If you want a pulsing sound, then you should
change the timing components (R8 = 47K, R9 = 15K,
C4 = 4. 7 µf) and use an internally driven buzzer.
You can easily use the PIC 555 circuit of Schematic
2 for this application. Use the circuit shown in
Schematic 9C to drive the MCLR input and use mode
4. You can set the circuit to either have a continuous
tone or a pulsing tone just as described for the 555
implementation in the previous paragraph.
Mims Circuits 26 and 27
The two circuits shown in Schematic 10 are an
analog lightwave transmitter and receiver. The
transmitter circuit is a simple 555 astable multivibrator
whose output period varies with the value of R1. If you
use a photoresistor for R1, the frequency will vary with
the amount of light hitting it. The higher the light
intensity, the lower the resistance which yields higher
The 555 portion of the receiver is identical with a
few minor component value differences to the
frequency meter of FM- 13 discussed in Part 2 of this
series. The op-amp is there to amplify the signal from
the phototransistor so that relatively weak signals can
be handled. The op-amp circuit can be eliminated
if the transistor is close to the IR diode.
The operation of the circuit is such that the
meter — when calibrated with R109 — will show
the frequency of the transmitter pulse stream.
R104 is used to adjust the trip point of 1458b
which is being used as a comparator.
There is one minor issue with the circuit: The
1458 specifications state that the minimum
voltage between the power pins is 10V. The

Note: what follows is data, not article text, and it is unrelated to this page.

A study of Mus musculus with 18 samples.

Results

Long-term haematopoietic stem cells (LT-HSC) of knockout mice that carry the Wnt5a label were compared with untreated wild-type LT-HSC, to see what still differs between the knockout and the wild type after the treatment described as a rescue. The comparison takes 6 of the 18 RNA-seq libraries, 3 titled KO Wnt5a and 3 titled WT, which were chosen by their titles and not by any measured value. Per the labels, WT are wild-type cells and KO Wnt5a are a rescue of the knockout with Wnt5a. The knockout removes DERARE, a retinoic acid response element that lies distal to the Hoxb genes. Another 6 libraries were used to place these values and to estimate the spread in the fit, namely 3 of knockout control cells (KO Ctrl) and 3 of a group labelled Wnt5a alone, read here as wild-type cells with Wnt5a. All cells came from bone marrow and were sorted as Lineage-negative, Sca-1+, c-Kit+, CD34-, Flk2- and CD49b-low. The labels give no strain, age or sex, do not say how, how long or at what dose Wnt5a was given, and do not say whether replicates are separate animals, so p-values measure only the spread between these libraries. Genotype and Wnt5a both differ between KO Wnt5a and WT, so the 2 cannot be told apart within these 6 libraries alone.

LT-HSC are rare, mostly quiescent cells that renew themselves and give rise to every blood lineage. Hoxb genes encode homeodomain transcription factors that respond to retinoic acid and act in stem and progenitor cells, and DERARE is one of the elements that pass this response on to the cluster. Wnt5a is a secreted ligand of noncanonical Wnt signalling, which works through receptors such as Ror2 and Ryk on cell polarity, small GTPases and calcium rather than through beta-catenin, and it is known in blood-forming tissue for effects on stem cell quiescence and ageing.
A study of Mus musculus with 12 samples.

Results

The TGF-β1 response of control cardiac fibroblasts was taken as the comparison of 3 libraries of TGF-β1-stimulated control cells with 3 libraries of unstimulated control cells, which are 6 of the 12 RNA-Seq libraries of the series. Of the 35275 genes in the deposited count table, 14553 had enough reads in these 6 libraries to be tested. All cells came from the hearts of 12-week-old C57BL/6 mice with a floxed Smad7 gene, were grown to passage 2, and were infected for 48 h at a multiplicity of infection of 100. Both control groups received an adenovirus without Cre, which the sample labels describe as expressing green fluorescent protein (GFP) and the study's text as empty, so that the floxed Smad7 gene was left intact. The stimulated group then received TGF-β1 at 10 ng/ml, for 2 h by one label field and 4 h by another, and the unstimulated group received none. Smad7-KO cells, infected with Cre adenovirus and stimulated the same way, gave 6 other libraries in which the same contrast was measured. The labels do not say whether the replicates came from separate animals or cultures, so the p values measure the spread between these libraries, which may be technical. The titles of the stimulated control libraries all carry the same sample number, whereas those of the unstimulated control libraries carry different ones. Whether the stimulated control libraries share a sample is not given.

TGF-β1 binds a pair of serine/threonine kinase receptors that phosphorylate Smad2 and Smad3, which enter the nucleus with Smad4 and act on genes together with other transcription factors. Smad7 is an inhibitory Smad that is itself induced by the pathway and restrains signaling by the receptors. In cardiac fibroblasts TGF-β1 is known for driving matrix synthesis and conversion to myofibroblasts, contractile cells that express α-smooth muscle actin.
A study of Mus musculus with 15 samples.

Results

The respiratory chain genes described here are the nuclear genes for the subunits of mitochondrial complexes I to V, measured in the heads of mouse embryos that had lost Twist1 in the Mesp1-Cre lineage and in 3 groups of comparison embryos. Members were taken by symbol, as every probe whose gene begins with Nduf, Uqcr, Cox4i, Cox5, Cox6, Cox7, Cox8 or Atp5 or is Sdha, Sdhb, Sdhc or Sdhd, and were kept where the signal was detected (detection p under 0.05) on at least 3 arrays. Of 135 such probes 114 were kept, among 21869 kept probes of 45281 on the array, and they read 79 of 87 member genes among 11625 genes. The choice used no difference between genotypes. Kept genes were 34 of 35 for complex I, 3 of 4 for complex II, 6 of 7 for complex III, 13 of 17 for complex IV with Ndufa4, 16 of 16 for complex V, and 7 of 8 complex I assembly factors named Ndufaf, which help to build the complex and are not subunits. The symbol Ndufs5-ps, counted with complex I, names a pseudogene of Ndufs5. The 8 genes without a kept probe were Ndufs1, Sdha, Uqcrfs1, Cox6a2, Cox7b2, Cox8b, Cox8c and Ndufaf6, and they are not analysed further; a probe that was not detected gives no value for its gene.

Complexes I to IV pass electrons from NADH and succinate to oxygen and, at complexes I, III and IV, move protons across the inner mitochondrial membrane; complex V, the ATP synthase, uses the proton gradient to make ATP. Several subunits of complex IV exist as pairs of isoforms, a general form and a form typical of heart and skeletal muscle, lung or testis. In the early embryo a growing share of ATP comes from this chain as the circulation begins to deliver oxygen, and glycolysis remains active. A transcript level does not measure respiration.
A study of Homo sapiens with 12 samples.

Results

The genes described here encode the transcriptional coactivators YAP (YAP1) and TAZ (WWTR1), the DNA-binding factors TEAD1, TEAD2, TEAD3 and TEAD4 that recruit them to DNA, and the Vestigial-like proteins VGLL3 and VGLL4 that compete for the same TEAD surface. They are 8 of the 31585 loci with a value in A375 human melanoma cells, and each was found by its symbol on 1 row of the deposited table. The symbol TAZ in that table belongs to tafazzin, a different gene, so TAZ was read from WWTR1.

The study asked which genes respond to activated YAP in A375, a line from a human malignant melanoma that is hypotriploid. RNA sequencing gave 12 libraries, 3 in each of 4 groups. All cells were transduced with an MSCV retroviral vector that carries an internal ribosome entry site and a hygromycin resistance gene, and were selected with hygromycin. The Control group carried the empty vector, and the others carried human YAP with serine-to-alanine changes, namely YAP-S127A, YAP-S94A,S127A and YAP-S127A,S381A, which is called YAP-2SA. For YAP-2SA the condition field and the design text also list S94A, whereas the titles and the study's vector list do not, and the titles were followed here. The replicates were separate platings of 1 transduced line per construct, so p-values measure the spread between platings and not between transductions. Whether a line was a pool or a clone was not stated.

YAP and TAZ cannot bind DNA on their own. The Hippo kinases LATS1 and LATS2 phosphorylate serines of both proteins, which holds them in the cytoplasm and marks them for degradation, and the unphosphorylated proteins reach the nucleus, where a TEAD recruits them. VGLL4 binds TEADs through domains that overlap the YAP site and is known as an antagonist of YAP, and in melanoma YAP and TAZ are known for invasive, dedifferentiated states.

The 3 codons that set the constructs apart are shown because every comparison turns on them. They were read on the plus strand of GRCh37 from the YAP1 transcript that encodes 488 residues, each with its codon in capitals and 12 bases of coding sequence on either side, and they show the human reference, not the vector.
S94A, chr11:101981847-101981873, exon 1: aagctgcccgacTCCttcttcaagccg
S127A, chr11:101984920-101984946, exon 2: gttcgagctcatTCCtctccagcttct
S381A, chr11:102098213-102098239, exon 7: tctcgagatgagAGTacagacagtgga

circuit will probably work at 9V, but it could be
marginal. The text in the book suggests that 741s
may be substituted for the 1458; however, the
741 specifies a minimum supply of ±10V or, if
used with a single supply, 20V.
Schematic 11 shows an alternate op-amp
circuit. The basic circuit is the same except that
the op-amp has been replaced with one of the
many rail-to-rail op-amps available today which
were not available when the Engineer’s Workbook
series was written.
This circuit has two additional features for section 2 of
the op-amp: no potentiometer required for setting the trip
point; and some hysteresis (about 100 mV) for a little
noise immunity. The op-amp shown has a maximum
supply voltage of 6V. However, there are many single
voltage rail-to-rail op-amps that have a wider supply
voltage range which will also work in this circuit.
Two PIC replacements can be used instead of the
555s. Use the table shown back in Schematic 2 to select
July/August 2018 63
All schematics are drawn using Dip Trace
All parts purchased are
SCHEMATIC 10. 555 analog lightwave transmitter and
SCHEMATIC 11. Alternate op-amp buffer.